Another excerpt from Keith Richards’ Life, which I finished yesterday. It’s SUCH a good book. He is hilarious. I was crying with laughter at his description of the animals he saw on a safari in Africa. You can hear his voice. It’s so fantastic.I want to get the audio book, which was highly acclaimed as well, and (name-drop), Joe Hurley is one of the readers. Joe Hurley is huge here in New York, and I’ve seen him perform a number of times (and went to his annual St. Patrick’s Day rock revue a couple years ago), but I have a fondness for him mainly because he is the star of this event in my life (he is the “scruffy Irish dude”), one of my most memorable New York moments EVER, and I didn’t even know who he was at that point. I will love him forever for that memory. And he’s one of the Keith Richards readers!
Incidentally: if you want to have strangers come up to you and start to talk to you about what you are reading, carrying Keith Richards’ memoir is a great way to make that happen. I can’t even count how many people have just struck up conversations with me. The waitress at the Arcade Restaurant in Memphis. A guy in Confederate Park. A lady at the Memphis airport. Some have read it, others haven’t but want to. Everyone wants to talk about it.
Certainly one of the best memoirs from an entertainment legend I have ever read.
I’ve only been excerpting here the bits that have to do with Elvis, but there’s so much more in the book, of course. It’s so good. I highly recommend it. There’s a great interview here with Richards, about those Sun recordings, with Elvis and Scotty and Bill, which leads into the excerpt I wanted to share today.
That Elvis LP had all the Sun stuff, with a couple of RCA jobs on it too. It was everything from “That’s All Right,” “Blue Moon of Kentucky”, “Milk Cow Blues Boogie.” I mean, for a guitar player, or a budding guitar player, heaven. But on the other hand, what the hell’s going on there? I might not have wanted to be Elvis, but I wasn’t so sure about Scotty Moore. Scotty Moore was my icon. He was Elvis’s guitar player on all the Sun Records stuff. He’s on “Mystery Train”, he’s on “Baby Let’s Play House”. Now I know the man, I’ve played with him. I know the band. But back then, just being able to get through “I’m Left, You’re Right, She’s Gone”, that was the epitome of guitar playing. And then “Mystery Train” and “Money Honey”. I’d have died and gone to heaven just to play like that.” How the hell was that done? That’s the stuff I first brought to the johns at Sidcup, playing a borrowed f-hole archtop Höfner. That was before the music led me back into the roots of Elvis and Buddy – back to the blues.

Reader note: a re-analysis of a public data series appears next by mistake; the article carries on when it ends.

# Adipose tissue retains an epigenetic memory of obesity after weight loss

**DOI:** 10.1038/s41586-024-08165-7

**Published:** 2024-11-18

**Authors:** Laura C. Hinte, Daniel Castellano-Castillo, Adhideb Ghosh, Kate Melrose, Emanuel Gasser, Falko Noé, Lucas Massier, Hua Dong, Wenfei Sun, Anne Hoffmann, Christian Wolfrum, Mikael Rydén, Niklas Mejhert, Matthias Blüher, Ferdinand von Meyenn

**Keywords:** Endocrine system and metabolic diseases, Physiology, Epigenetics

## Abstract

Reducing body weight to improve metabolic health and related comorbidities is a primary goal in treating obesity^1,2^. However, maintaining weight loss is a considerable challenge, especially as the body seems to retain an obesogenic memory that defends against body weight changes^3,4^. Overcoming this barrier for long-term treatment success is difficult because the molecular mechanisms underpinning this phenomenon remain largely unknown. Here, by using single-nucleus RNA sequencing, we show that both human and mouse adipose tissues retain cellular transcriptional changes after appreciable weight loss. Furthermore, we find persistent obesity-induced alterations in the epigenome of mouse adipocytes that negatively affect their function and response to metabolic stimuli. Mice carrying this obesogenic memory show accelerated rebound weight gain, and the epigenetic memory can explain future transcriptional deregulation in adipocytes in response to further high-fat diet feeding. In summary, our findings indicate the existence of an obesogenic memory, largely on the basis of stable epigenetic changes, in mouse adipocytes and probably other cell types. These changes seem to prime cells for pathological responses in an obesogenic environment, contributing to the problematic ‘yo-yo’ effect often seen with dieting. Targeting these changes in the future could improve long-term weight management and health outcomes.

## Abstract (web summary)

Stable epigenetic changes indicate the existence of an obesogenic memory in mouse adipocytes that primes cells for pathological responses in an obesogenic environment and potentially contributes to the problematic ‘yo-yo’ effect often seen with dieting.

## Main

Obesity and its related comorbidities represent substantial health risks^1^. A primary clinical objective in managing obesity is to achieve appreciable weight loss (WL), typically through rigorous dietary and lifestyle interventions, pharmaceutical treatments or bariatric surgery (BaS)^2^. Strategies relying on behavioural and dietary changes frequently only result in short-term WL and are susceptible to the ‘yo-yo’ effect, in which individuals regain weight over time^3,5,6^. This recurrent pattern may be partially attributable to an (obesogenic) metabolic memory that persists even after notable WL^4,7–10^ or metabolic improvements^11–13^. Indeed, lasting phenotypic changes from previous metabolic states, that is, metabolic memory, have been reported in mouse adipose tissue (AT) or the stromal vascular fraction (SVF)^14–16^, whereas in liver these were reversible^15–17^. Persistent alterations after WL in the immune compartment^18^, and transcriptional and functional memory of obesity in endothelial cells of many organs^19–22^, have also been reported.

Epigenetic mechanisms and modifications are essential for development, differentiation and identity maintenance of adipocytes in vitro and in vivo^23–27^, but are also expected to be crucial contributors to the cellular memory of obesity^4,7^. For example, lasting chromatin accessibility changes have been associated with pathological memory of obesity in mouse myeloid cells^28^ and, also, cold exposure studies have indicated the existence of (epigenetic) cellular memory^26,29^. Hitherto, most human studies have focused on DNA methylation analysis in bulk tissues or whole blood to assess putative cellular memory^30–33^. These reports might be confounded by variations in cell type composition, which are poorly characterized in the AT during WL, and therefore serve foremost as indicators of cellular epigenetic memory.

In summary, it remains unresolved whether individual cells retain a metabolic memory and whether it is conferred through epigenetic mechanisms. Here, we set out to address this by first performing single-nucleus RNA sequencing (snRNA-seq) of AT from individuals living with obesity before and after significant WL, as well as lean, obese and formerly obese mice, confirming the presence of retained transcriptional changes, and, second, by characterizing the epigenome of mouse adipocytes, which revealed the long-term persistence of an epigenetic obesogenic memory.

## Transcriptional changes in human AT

To this day there’s a Scotty Moore lick I still can’t get down and he won’t tell me. Forty-nine years it’s eluded me. He claims he can’t remember the one I’m talking about. It’s not that he won’t show me; he says, “I don’t know which one you mean.” It’s on “I’m Left, You’re Right, She’s Gone.” I think it’s in E major. He has a rundown when it hits the 5 chord, the B down to the A down to the E, which is like a yodeling sort of thing, which I’ve never been quite able to figure. It’s also on “Baby Let’s Play House.” When you get to “But don’t you be nobody’s fool / Now baby, come back, baby …” and right at that last line, the lick is in there. It’s probably some simple trick. But it goes too fast, and also there’s a bunch of notes involved: which finger moves and which one doesn’t? I’ve never heard anybody else pull it off. Creedence Clearwater got a version of this song down, but when it comes to that move, no. And Scotty’s a sly dog. He’s very dry. “Hey, youngster, you’ve got time to figure it out.” Every time I see him, it’s “Learnt that lick yet?”